Wednesday, 24 Sep 2014

24 September 2014: A report released today by the Australian Council for Educational Research (ACER) reveals Australian 15-year-olds are more likely to persevere with challenging problems than some of their peers in high-performing countries. 

Conducted in 2012 as part of the OECD Programme for International Student Assessment (PISA), the supplementary PISA problem-solving assessment measured 15-year-olds’ general reasoning skills, and their willingness and ability to regulate problem-solving processes. A total of 85 000 students from 44 countries and economies participated in the assessment, including approximately 14 500 Australian students from 775 schools. 

ACER today released the national report, Thinking it through: Australian students’ skills in creative problem solving, allowing closer examination of problem-solving achievement within Australia, including performance in each state and territory. 

Australian students achieved an average score of 523 points, above the OECD average of 500 points. After accounting for insignificant differences between countries and economies, three countries and four economic regions performed at a higher level than Australia, and three countries performed at a similar level to Australia. 

Releasing the report, ACER’s Director of Educational Monitoring and Research, Dr Sue Thomson said that, while Australian students performed better than expected in problem solving based on their performance in mathematics in the main survey conducted at the same time, more work needs to be done to ensure that all students are equipped for life beyond school. 

“In problem solving, 84 per cent of Australian students achieved or exceeded the baseline proficiency level, where students begin to demonstrate the competencies that will enable them to participate effectively in life situations, compared to 93 per cent in high-performing countries Korea, Singapore and Japan,” Dr Thomson said.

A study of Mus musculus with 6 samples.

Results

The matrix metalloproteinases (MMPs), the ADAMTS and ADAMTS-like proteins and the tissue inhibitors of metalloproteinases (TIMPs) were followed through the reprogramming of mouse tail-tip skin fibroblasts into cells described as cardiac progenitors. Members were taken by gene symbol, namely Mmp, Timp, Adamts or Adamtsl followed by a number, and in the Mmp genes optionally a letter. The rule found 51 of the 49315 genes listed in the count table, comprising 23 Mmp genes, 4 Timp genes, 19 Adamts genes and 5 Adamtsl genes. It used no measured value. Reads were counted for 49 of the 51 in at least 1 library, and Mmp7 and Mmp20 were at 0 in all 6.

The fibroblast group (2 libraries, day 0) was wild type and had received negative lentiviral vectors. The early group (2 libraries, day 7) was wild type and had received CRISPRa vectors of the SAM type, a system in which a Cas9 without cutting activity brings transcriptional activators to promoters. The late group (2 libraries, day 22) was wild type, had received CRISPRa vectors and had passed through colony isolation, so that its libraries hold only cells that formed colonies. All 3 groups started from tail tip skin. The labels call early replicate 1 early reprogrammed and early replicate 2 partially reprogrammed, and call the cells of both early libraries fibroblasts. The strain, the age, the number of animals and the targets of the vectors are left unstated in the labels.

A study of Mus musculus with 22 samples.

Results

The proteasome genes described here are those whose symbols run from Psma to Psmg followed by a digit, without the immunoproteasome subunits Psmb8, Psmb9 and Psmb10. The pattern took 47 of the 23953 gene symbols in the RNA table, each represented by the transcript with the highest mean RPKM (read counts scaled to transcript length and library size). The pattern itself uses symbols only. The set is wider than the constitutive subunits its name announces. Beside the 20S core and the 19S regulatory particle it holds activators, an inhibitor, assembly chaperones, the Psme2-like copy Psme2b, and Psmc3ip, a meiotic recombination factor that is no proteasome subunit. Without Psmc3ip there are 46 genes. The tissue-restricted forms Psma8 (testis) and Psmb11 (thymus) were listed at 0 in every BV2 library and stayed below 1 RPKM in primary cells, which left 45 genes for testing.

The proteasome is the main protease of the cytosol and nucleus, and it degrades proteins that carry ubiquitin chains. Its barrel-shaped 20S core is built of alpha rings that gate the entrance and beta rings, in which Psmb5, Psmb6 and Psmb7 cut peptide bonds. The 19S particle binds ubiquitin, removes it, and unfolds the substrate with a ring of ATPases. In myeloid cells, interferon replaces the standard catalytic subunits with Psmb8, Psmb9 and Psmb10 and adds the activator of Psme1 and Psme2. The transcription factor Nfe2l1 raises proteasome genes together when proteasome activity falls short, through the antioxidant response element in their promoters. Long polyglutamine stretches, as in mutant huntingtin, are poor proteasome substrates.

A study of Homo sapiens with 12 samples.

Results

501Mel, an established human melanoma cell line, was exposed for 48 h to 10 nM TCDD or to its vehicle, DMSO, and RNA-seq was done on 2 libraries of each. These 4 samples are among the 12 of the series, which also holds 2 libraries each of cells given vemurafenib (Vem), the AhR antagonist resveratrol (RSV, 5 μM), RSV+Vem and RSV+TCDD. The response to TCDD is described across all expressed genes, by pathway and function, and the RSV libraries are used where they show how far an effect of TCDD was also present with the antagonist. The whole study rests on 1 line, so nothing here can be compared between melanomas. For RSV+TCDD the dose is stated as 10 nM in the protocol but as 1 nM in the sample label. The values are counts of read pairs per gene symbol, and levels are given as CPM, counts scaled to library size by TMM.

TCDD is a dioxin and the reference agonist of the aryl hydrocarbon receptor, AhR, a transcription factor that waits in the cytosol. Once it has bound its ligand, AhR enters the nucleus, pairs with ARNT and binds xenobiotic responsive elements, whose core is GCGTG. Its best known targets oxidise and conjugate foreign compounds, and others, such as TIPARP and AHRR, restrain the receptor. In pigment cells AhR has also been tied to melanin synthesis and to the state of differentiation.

Encouragingly, Australian students reported slightly higher levels of perseverance when problem solving compared to students across the OECD, and to students in Japan and Korea. 

“Approximately two-thirds of Australian students indicated it was not like them to give up easily when confronted with a problem and almost half indicated it was not like them to put off difficult problems,” Dr Thomson said. 

Nevertheless, students from Australia scored below the OECD average when it came to willingness to engage with problems and be open to new challenges, Dr Thomson said, with only one-third reporting that they liked solving complex problems. 

All Australian states and territories performed at a statistically similar level, with the exception of Tasmania, which performed significantly* lower than all other jurisdictions. Western Australia, the Australian Capital Territory, New South Wales, Victoria, Queensland and South Australia performed at a significantly higher level than the OECD average, while the Northern Territory performed at a similar level to the OECD average and Tasmania performed at a significantly lower level than the OECD average. 

The report also examined whether the variation in performance within countries is attributed to within-school (student-level) or between-school (school-level) differences. In Australia, the 

amount of variation in performance within schools was 75 per cent, compared to the OECD average of 61 per cent. The amount of variation in performance between schools in Australia was 28 per cent, compared to the OECD average of 38 per cent. 

“While school choice in Australia has less of an impact on problem solving achievement than across the OECD, there is considerable variation within Australia depending on which state or territory you live in,” Dr Thomson said. “Based on average results from PISA 2012, between-school differences range from 19 per cent in South Australia to 39 per cent in Tasmania, suggesting that school choice in Tasmania will influence student problem-solving performance more than school choice in other jurisdictions.” 

Australia’s participation in the PISA 2012 problem-solving assessment was managed by ACER with funding from the Commonwealth, and state and territory governments. 

The national report, Thinking it through: Australian students’ skills in creative problem solving, is available from the Australian PISA website < http://www.acer.edu.au/ozpisa/ >. 

* Note: The term ‘significantly’ is used to indicate that the difference is real and would be found in at least 95 analyses out of 100 if the comparison were to be repeated. It is not to be confused with the term ‘substantial’.